Sunday, June 20, 2010


The Government of India has started a very welcome initiative called ‘National Translation Mission (NTM, for short)”, entrusted with the task of translating knowledge-based (or just “knowledge-“) literature on subjects ranging from sciences to human sciences and humanities, from (the source language) English to the Indian languages, prioritizing the ones on the Eighth Schedule. This is indeed an interventionist step since it does not seem to be in response to any well-articulated demand from any quarters for translated material in the subjects mentioned above; not many have been terribly upset by the fact that the language of the scientific and other technical work (including in the legal domain) used in India is English. The same is true of the quality literature in social sciences and even humanities as well. One would therefore think that one main objective of the government in starting this initiative may have to do with doing some groundwork for making higher education in all subjects available in the Indian languages, which would consequently lead to the real modernization of these languages - going beyond the preparation of bilingual dictionaries and of glossaries of technical terms in the Indian languages on various subjects.

It seems that the translation of some select college and university level text books in science and social science subjects has been prioritized by NTM, probably under the belief that colleges and universities will use them, if not immediately. Translation of higher level text books is not a new project; there are institutions (the text book bureau, for example, in Odisha) supported by various state governments which have been entrusted precisely with this task. So does NTM aim to supplement the effort of these institutions, wherever they exist, by adding to the repertoire of translated text books? Does NTM propose to work in competition with them or in cooperation with them, and if the latter, in what specific ways, and also whether it intends to be informed about their experience and benefit from that knowledge. For instance, who are the buyers of the books published by these institutions apart from the state-funded libraries, and what has been the impact of these publications in specific and general terms both?

Now, are the books to be published by NTM going to be used as text books at the universities? In other words, as a result of the NTM initiative, is there going to be a rethink on higher education leading to the use of Indian language text books (either exclusively or primarily) at this level? Whatever be the merits of such a proposal, it is by no means problem-free. If one wants to be (there is, in fact, no real choice) part of the global or even the Indian knowledge community, one has got to use the language of that knowledge community, i.e., the language in which knowledge is created, discussed and disseminated. For various reasons (including the one of historical accident), that language happens to be English. A novel or a poem written in a certain language does not need attestation of its quality from a readership speaking a different language. It is very different in the case of knowledge or scholarship, be it in physics or biology or economics or linguistics or philosophy or even literary criticism, because knowledge today, be it in the sciences or the humanities, is indeed global.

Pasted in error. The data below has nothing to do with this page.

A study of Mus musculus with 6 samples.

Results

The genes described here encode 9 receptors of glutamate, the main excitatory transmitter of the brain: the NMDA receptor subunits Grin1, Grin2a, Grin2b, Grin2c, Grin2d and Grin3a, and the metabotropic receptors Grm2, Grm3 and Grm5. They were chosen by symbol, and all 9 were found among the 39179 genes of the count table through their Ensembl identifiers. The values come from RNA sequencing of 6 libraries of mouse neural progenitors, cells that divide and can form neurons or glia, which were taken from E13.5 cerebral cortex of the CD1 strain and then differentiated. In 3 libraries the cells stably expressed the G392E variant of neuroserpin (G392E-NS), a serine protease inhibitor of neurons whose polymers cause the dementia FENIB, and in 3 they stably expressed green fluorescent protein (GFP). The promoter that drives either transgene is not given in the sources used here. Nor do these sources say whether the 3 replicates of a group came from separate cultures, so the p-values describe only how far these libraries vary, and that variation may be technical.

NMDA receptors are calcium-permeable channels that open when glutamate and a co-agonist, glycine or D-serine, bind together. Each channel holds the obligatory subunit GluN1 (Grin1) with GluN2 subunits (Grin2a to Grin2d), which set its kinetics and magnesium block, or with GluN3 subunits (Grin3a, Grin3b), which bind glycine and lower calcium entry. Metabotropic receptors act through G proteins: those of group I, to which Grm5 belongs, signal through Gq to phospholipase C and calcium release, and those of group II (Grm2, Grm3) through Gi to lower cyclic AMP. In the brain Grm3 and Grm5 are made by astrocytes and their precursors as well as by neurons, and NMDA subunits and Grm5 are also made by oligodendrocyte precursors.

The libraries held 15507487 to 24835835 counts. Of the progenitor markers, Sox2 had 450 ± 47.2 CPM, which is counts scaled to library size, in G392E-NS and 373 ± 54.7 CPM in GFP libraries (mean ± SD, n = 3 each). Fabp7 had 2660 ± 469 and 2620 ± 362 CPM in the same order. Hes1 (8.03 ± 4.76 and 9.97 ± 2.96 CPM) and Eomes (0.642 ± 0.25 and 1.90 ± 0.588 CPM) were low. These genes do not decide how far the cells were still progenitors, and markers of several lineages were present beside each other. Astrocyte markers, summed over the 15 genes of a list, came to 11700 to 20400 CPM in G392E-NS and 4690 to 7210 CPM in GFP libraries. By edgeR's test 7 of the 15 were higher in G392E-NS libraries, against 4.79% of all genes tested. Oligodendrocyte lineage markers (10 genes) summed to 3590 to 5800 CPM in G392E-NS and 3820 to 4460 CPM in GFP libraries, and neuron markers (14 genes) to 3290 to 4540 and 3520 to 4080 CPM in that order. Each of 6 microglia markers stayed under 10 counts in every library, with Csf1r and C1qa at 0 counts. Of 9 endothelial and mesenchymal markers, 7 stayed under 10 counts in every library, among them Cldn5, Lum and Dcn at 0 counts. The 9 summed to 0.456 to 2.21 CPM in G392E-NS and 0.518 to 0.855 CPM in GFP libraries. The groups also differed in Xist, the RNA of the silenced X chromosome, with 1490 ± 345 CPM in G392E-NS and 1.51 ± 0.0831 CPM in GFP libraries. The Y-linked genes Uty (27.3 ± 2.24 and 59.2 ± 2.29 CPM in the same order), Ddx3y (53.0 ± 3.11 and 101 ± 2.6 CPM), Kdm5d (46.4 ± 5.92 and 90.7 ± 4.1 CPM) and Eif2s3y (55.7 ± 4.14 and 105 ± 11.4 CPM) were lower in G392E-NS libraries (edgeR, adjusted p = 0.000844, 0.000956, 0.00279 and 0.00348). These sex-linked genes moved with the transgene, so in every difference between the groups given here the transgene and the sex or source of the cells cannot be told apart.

In the existing educational scenario, there is of course a certain use for the proposed translated texts. If these are of good quality – written in elegant, readable language - they could turn out to be useful learning aids, performing the function of the so-called “key books”. “Key books” are learning aids, which students who need such aid, always found useful, but which the education establishment condemned as cheap “bazaar notes”. This attitude has completely failed to wean the students away from these books. Time has come to recognize the usefulness of these books, and provide to the students quality key books or “supplementary books”, if someone has an objection to the term “key books”. This is where the proposed NTM publications might make a contribution. As for the modernization of the target languages, experience has shown that preparation of glossaries of technical terms, text books, etc. have not really resulted in the emergence of discourses in the relevant knowledge domains. It is by no means obvious that the proposed NTM publications would bring about a change in this respect.